Recorded at the Choreographer’s Workshop, NYC, 1961-1962.
Originally released as Saturn 9956 (1965).
Art Forms of Dimensions Tomorrow tacks on two leftover tracks from 1961’s Bad & Beautiful recording session but mostly consists of a 1962 rehearsal recorded in the basement of the Choreographer’s Workshop where there was a good piano and better acoustics. The sound quality is notably improved even if the source tape for this CD is significantly degraded. More importantly, Ra’s music is clearly moving in a new, exciting direction. Drummer/recordist Tommy Hunter had been recording rehearsals on his Apex reel-to-reel and accidentally discovered the feedback/echo effect that appears here for the first time. So while Bad & Beautiful was a somewhat traditional jazz combo album full of show tunes and semi-conventional Ra originals, Art Forms of Dimensions Tomorrow lives up to its title, moving forward into the kind of experimental avant garde music that would cement Ra’s reputation in the 1960s and 70s while also retaining a connection to the living tradition that would continue to center the Arkestra’s aesthetic throughout its career. To paraphrase Michael Shore’s comment in the liner notes to this Evidence CD, if Cosmic Tones for Mental Therapy is a Rosetta Stone, then Art Forms of Dimensions Tomorrow is Ra beginning to carve it in earnest.
“Cluster of Galaxies” is a brief but portentous opening with its spacey “thunder drums,” “sun harp,” and “spiral percussion gong” all drenched in thick cosmic echo and reverb. Afro-psychedelia starts right here – in 1962! P-Funk mastermind George Clinton once remarked, “[Sun Ra] was definitely out to lunch – the same place I eat at!” (quoted in Szwed, p. 264). Shifting gears, the next track is another remake of “Ankh” which originally appeared in a more florid arrangement in 1956 on the Delmark LP, Sound of Joy and more recently on Bad & Beautiful. This composition was obviously important to Ra and the various renditions are fascinatingly diverse. Here, baritone saxophonist Pat Patrick shares solo space with a rare appearance by Ali Hassan on trombone. The mood is brighter, less ominous than usual with some funky gospel handclaps supporting the lumbering riffs. “Solar Drums” is another brief space-out featuring echoing drums, small percussion, bells and faintly tinkling piano. The hissing feed back ebbs and flows across the sonic landscape, sometimes threatening to overwhelm everything until Tommy Hunter suddenly turns a knob, bringing things back into focus.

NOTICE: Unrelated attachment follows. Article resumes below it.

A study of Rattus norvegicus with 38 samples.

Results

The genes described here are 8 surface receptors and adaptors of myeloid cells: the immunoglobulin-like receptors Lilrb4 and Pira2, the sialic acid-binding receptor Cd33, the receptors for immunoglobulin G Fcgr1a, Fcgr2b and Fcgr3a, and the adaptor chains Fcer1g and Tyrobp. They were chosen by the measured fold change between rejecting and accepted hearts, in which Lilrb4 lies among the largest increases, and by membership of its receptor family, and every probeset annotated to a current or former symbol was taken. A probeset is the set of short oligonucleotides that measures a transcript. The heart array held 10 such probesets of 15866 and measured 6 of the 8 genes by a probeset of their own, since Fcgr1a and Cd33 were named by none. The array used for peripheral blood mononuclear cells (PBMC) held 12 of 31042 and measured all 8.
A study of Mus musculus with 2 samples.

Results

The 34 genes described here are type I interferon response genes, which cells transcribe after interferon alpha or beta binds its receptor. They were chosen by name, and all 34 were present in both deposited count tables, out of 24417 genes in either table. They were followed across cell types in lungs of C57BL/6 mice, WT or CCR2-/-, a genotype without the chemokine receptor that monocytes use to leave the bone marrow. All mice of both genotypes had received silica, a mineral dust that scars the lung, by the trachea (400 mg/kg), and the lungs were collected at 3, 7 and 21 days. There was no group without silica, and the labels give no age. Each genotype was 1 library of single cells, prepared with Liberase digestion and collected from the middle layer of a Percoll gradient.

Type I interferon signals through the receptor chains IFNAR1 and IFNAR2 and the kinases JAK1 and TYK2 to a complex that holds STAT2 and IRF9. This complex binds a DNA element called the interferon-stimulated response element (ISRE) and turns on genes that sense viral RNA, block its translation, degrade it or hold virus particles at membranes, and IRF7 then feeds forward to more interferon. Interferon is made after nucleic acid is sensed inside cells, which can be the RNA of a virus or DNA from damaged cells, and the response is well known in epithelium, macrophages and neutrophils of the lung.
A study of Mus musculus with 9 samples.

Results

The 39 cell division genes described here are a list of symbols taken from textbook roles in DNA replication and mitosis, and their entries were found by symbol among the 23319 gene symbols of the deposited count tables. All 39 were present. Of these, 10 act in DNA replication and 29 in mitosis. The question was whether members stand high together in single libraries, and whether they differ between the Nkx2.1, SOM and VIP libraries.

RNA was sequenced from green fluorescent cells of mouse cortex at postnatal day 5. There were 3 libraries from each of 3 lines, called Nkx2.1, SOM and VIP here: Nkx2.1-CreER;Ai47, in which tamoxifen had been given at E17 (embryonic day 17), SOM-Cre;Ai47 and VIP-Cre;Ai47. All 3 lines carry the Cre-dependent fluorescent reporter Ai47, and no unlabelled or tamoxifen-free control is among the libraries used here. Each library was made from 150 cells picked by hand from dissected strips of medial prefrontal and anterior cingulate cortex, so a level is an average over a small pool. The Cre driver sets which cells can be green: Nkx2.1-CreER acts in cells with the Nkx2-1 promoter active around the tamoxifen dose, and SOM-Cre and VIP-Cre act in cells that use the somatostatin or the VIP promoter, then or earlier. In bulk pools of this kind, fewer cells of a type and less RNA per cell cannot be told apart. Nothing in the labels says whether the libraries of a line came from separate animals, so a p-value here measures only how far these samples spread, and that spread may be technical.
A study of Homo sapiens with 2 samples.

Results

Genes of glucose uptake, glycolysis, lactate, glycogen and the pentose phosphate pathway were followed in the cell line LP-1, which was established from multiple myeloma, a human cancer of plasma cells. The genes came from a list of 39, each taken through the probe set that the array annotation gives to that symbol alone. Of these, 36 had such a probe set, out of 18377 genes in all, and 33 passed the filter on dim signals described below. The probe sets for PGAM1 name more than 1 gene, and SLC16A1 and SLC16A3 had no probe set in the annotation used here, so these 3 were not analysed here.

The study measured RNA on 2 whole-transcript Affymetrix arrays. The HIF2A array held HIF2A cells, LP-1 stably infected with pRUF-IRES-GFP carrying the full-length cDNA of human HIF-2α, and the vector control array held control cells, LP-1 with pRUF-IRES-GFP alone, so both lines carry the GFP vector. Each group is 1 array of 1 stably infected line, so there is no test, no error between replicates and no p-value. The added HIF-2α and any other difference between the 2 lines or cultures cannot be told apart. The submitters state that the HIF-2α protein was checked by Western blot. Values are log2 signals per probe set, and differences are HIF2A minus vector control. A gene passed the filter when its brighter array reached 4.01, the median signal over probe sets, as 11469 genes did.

The next two tracks appear to be Ra’s earliest experiments with a new kind of form: loosely structured, non-idiomatic, conducted improvisation. This is a form that Ra would expand and perfect as the decade proceeded, resulting in such masterpieces as Other Planes of There and The Magic City (Evidence ECD 22069). With its total absence of drums, atonal piano, and knotty contrapuntal horn lines, “The Outer Heavens” sounds more like contemporary classical chamber music than big band jazz and points the way to the later music of the AACM and Anthony Braxton. In contrast, a barrage of ceremonial drums and percussion dominates “Infinity of the Universe” with Ra agitatedly rumbling around in the piano’s lowest registers. Michael Shore points out in the liner notes that: “his repeated bass-clef piano runs mark the first appearance of what would, in a few years, turn into the launch pad for one of his greatest pieces, ‘The Shadow World.’” I think that’s correct and a fascinating insight into Ra’s working methods. Towards the end, the horns enter with fleeting and plaintive cries over the increasingly pounding percussion before the track quickly fades to silence.
The album closes with the two orphaned tracks from the Bad & Beautiful sessions and a return to its cool, swinging combo mode. “Lights on a Satellite” was originally recorded in Chicago in 1960 but unreleased until 1965 on Fate in a Pleasant Mood (Evidence ECD 22068). The version here eschews the ornamental flute obbligato and becomes a soulful ballad vehicle for Ra’s Monkish piano. Unfortunately, the track fades out prematurely just as Gilmore begins to blow. “Kosmos in Blue” is a typical Ra blues, bouncy and maybe a little old fashioned rhythmically, but full of dissonant voicings and an unpredictable, disjointed harmonic structure. Gilmore’s tenor saxophone solo stands out for its stately reserve and concise eloquence.
As we proceed to move chronologically through the Choreographer’s Workshop recordings, next up would be Secrets of the Sun , the first really mature work of the period. But from there to Cosmic Tones, the discography get a little murky – Sam, I think I’ll need your help sorting these out! Please drop me a line!